WASHINGTON ― What happens when a president who rarely gets through a day without lying multiple times accuses another nation of lying about its involvement in the latest global flashpoint?
The world is about to find out, as Saturday’s aerial attacks on critical oil processing facilities in Saudi Arabia ramps up already heightened tensions between the United States and Iran.
Yemen’s Houthi rebels have claimed responsibility for the attack, but President Donald Trump has suggested that Iran, the Houthis’ ally, is truly to blame.
“This is what we’ve been warning against. When a president squanders all of his credibility ― including when it comes to issues as mundane as the weather ― he’ll have no ground to stand on when it comes to matters of supreme importance,” said Ned Price, a former CIA analyst and spokesman for the National Security Council under then-President Barack Obama. “It may well be that Iran was behind these attacks, but it’s going to take a lot more than the word of this president to substantiate that case.”
The White House did not respond to HuffPost’s queries about Trump’s propensity for falsehoods and the difficulties it may now create in persuading allies to take collective action against Iran.
Former Illinois congressman Joe Walsh, who is among three candidates challenging Trump for the GOP presidential nomination next year, agreed that Trump’s repeated lies are making things that much more difficult.
“This is a really scary place. For the first time in our country’s history, we have a president who we cannot trust. You simply cannot believe one word that comes out of his mouth,” Walsh said. “All of our friends and allies, yeah, they know Iran lies. But they know our president lies, too.”
On Monday, Trump posted a statement on Twitter accusing Iran of lying about the location of a U.S. military drone that it shot down in June and suggesting that it was also lying about the Saudi attack. “They stuck strongly to that story knowing that it was a very big lie,” Trump wrote. “Now they say that they had nothing to do with the attack on Saudi Arabia. We’ll see?”
The day before, the president had hinted that Iran was behind Saturday’s attack, which knocked out about half of the Saudis’ oil processing capacity, but wrote that he would wait on Saudi Arabia to determine the United States’ response: “There is reason to believe that we know the culprit, are locked and loaded depending on verification, but are waiting to hear from the Kingdom as to who they believe was the cause of this attack, and under what terms we would proceed!”
Relations with Iran have been deteriorating since Trump’s election, and even more rapidly since May 2018, when he withdrew the United States from the nuclear deal negotiated under Obama. Trump subsequently re-imposed economic sanctions against Iran that had been dropped in return for its agreement not to seek nuclear weapons technology and to dismantle its uranium enrichment program.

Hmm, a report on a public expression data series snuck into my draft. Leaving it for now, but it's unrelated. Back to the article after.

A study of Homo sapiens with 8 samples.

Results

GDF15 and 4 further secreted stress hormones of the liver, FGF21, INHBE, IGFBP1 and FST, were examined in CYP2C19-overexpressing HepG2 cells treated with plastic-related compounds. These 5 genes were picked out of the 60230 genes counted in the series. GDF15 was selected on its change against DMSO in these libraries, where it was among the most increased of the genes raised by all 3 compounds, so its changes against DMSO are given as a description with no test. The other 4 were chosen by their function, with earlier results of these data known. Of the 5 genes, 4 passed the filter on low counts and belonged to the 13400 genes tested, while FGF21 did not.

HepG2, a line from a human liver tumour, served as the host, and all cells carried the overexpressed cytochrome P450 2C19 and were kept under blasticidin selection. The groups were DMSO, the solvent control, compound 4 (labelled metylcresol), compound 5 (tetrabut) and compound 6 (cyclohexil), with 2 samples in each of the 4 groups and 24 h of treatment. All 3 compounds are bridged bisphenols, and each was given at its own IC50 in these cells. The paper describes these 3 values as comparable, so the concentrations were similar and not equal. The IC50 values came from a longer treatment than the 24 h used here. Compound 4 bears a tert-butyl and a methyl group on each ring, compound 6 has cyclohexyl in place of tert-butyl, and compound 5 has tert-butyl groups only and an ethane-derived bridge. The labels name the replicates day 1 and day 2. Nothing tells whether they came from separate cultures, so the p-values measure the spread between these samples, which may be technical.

But more recently, Trump reportedly offered to support a $15 billion aid package for Iran if its leaders agreed to meet with him at the United Nations General Assembly this month in New York. That push to jump-start talks, including potential sanctions relief for Iran, appears to have been the reason that Trump’s third national security adviser, John Bolton, suddenly departed last week.
The other European signatories to the Iran nuclear agreement are already irritated with Trump for breaking the 2015 deal. His constant lying only makes things worse, said Richard Nephew, a former State Department official who helped craft the agreement.
“I think his lack of credibility absolutely matters and will undermine the credibility of the government abroad, especially since ― depending on who is doing the talking ― their own credibility might also be suspect,” said Nephew, who now teaches at Columbia University’s School of International and Public Affairs. “Bolton’s departure did not rid the administration of people prepared to do whatever it takes to go after Iran.”
Trump has said and written thousands of falsehoods since taking office, a significant percentage of them outright fabrications and lies ― in that he knew what he was saying was false while saying it. A number of those have involved foreign leaders. On May 26, for example, he claimed that Japanese officials had told him that Democrats “would rather see the United States fail than see me or the Republican Party succeed.” No evidence of this has since surfaced.
On July 22, Trump claimed during a meeting with Pakistan’s leader that Indian Prime Minister Narendra Modi had asked him to mediate a resolution to the Kashmir conflict. In that instance, the Indian foreign minister quickly put out a statement denying that Modi had said any such thing.
And on Sunday, Trump claimed that he had never offered to meet with Iran’s leaders without any preconditions ― when, in fact, he had done exactly that in a June 23 NBC interview, and his vice president, secretary of state and treasury secretary have all confirmed that stance on separate occasions.
“If he is lying about the weather, what would be off-grounds? Nothing,” said Anthony Scaramucci, Trump’s onetime White House communications director, referring to the president’s recent insistence that forecasts were showing Hurricane Dorian would hit Alabama long after that was even a slight possibility. “Hard to take a pathological liar seriously anymore. He represents a grave national security risk to the country and the world. No one can trust him, especially our military leaders.”
Walsh, who has made Trump’s erratic behavior his top issue, said things cannot improve while Trump remains president.
“As long as he’s in the White House, we’re going to have this problem. That will not change. He’s been doing this his whole life,” Walsh said. “We have to hope and pray that there are still a few good men and women around him.”